Nuri Sahin's heart would probably pump yellow and black blood, if it could. He may have played for Turkey before retiring from international football, but he was born in Germany, growing up near Dortmund and joining their academy early.
"You know it was in my youth when I started with Borussia Dortmund. I was 11, I think. And every week, a few players would get tickets to be ball boys," Sahin tells DW's Kick Off. "I was the one who asked — like almost every weekend."
Where he grew up, Sahin says, you have to choose between Dortmund's colors and Schalke's royal blue. He had the choice as a young player too, he says, but adds that for him there was no decision to make.
Sahin also confesses that he was a rather superstitious touchline helper for Dortmund.
Sahin is by no means the only Dortmund player to talk about the magic of the club, its stadium or its fans. Nor is he the only BVB player to be tempted back. Just in the current midfield, Sahin, Mario Götze and Shinji Kagawa have all returned to BVB after struggling in pastures new.
Poached before it was cool, by Real Madrid
Of all Borussia Dortmund's top-class exports this decade, most recently Pierre-Emerick Aubameyang, you could argue Sahin was the first — and possibly the least successful.
Sahin blossomed during the first of Jürgen Klopp's back-to-back Bundesliga titles, maturing into the team's playmaker and set piece specialist. Real Madrid noticed the youngster's rather modest buyout clause of €10 million ($12.4 million) and promptly paid it.
But an immediate injury stopped Sahin from competing for playing time at the start of his first season in Spain. He never really recovered from this setback, failing to establish himself in the Madrid setup. A brief loan spell at Liverpool provided more football but within 18 months, Sahin was back at Dortmund — first on loan and later on a permanent basis.
"It was like Hollywood, you know? When you're there, you're in Hollywood," the 29-year-old recalls. "But in my heart I was always like 'no, I want to be a part of Borussia Dortmund.' ... I want to be a part of it. I need this, I need this to be happy in my life."
Seriously? Sahin needs BVB to be happy?
"Don't get me wrong; I have a very nice family, I have a very healthy family. We are happy. But when I play football, I want to wear this," he says, gesturing to the Dortmund jersey.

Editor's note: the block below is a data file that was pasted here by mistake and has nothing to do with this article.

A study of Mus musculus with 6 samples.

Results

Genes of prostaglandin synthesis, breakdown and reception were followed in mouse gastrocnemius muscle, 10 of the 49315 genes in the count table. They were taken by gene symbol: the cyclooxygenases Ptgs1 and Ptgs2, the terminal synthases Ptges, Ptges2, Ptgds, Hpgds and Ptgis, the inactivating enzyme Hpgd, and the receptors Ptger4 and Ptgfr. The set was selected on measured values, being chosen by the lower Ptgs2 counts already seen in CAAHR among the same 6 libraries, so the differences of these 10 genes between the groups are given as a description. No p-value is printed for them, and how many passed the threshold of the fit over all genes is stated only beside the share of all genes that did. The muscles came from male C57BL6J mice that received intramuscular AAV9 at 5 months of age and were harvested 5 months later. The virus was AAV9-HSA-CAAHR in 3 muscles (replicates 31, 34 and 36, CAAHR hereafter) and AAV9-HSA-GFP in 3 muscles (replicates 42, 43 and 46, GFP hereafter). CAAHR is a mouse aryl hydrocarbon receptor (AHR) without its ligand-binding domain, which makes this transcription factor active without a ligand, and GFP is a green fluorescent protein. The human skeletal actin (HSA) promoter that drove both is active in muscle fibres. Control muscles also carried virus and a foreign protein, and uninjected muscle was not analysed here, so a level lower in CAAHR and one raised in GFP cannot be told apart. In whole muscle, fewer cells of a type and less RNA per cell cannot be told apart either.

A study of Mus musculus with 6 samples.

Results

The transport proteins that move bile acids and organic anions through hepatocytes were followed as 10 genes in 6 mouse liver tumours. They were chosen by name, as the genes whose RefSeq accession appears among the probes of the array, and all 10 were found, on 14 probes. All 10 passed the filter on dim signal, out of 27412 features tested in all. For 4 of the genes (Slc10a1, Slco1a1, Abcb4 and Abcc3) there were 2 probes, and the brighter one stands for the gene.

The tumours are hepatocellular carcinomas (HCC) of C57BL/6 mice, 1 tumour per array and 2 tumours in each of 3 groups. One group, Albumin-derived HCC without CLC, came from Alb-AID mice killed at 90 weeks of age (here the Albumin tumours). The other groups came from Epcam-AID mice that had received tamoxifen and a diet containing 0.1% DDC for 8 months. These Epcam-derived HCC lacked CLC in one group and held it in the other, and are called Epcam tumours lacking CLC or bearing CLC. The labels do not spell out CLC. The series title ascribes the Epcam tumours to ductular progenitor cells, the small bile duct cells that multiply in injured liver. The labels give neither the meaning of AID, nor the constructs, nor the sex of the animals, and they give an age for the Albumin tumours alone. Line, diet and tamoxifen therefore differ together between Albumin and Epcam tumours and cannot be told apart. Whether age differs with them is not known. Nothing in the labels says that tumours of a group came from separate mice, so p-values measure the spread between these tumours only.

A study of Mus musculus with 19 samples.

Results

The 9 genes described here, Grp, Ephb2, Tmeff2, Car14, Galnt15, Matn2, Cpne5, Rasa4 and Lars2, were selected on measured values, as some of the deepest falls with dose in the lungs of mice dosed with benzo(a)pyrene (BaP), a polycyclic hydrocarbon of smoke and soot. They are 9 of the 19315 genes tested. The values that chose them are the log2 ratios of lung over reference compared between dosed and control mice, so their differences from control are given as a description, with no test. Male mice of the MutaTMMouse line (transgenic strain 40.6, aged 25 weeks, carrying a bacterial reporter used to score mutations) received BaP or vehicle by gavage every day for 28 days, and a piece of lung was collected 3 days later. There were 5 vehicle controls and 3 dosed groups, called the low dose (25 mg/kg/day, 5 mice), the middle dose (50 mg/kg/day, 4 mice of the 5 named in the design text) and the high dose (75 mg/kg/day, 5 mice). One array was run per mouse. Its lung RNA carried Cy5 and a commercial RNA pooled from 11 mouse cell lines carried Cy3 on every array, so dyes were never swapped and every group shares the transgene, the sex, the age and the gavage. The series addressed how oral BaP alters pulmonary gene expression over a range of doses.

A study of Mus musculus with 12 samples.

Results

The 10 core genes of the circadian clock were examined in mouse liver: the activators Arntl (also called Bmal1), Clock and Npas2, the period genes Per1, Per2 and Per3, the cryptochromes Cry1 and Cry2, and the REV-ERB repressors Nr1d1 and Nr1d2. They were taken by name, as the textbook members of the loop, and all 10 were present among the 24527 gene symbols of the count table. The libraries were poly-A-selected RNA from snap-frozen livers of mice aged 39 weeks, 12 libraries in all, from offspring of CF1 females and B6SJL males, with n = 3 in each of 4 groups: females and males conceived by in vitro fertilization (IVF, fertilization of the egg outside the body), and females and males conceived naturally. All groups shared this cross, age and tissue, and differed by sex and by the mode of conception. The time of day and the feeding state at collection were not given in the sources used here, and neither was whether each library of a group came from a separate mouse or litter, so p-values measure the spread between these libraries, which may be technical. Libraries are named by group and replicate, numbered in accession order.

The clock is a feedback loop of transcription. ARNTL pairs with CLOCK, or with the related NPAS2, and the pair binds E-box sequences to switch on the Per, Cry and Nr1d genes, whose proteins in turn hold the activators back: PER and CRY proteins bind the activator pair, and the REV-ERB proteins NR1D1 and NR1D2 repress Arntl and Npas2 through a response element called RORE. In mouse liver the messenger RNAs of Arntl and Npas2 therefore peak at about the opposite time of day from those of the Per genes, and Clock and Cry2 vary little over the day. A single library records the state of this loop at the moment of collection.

Elder squad statesman, car-pools with captain Schmelzer
The left-footed technician is no longer the precocious youngster Dortmund once sold — a player who still holds the records as the Bundesliga's youngest-ever starter (aged 16 and 335 days) and goal scorer (aged 17 and 82 days). Now Sahin's one of the most experienced heads in the dressing room, a close friend of club captain Marcel Schmelzer. The two live close to one another and often share lifts to training at the club.
Sahin, who jokingly describes himself as Dortmund's best-dressed player, also seems happy to take on a leadership role and dole out life lessons with his younger teammates.
"Football is perfect, but round about you you also need other things like that. I started to get interested in cars, in fashion, in healthy food, in how I have to sleep, take care of myself, enjoy my life. These things are also very important for the head, you know?" Sahin says. "This is also a thing I say to the guys. When they come to training in a tracksuit, now I say: 'Come on. Get up, get dressed and be fresh every day ... Just do it for yourself.'"
Where do you see yourself in 10 years?
Like so many members of Dortmund's team, including new Real Betis signing Marc Bartra who sustained scars that night, Nuri Sahin was on the Dortmund team bus when it was the target of a bomb attack last season. He described how surreal it was to experience such an attack in person, how "you never think it will happen to you one day." At one point, he says, he wondered whether he would ever feel secure again.
"When I came home and saw my wife and kids it was like ... it changed my life."
As for Sahin's future, it seems his Wanderlust is well and truly sated. Asked where he'd like to be in 10 years, he replies: "On the sideline of our stadium being the coach of this club."
That could mean yet more years of visits for his wife, Tugba, who's already very much a veteran at Dortmund games. But it seems, at least judging by her husband's version of events, that she wouldn't mind.
"You know our stadium. It's not very modern but also not very old; it's a mix of a historical stadium and this wall, and it's big and closed. Yeah, you...the smell is... you can smell it," Sahin says, trying to find the right words for the cauldron. "My wife, also, she is amazed every time she's in the stadium, it's crazy. Yesterday after the game we were in the car and she said, 'I can't understand why I always have this feeling because I was in the stadium maybe 1,000 times already.'"
Nuri Sahin is one of relatively few people who can claim an even higher number of Dortmund stadium visits than that. And he hopes to add hundreds more to his scorecard.
DW's Kres Harrington conducted the feature interview with Nuri Sahin for television.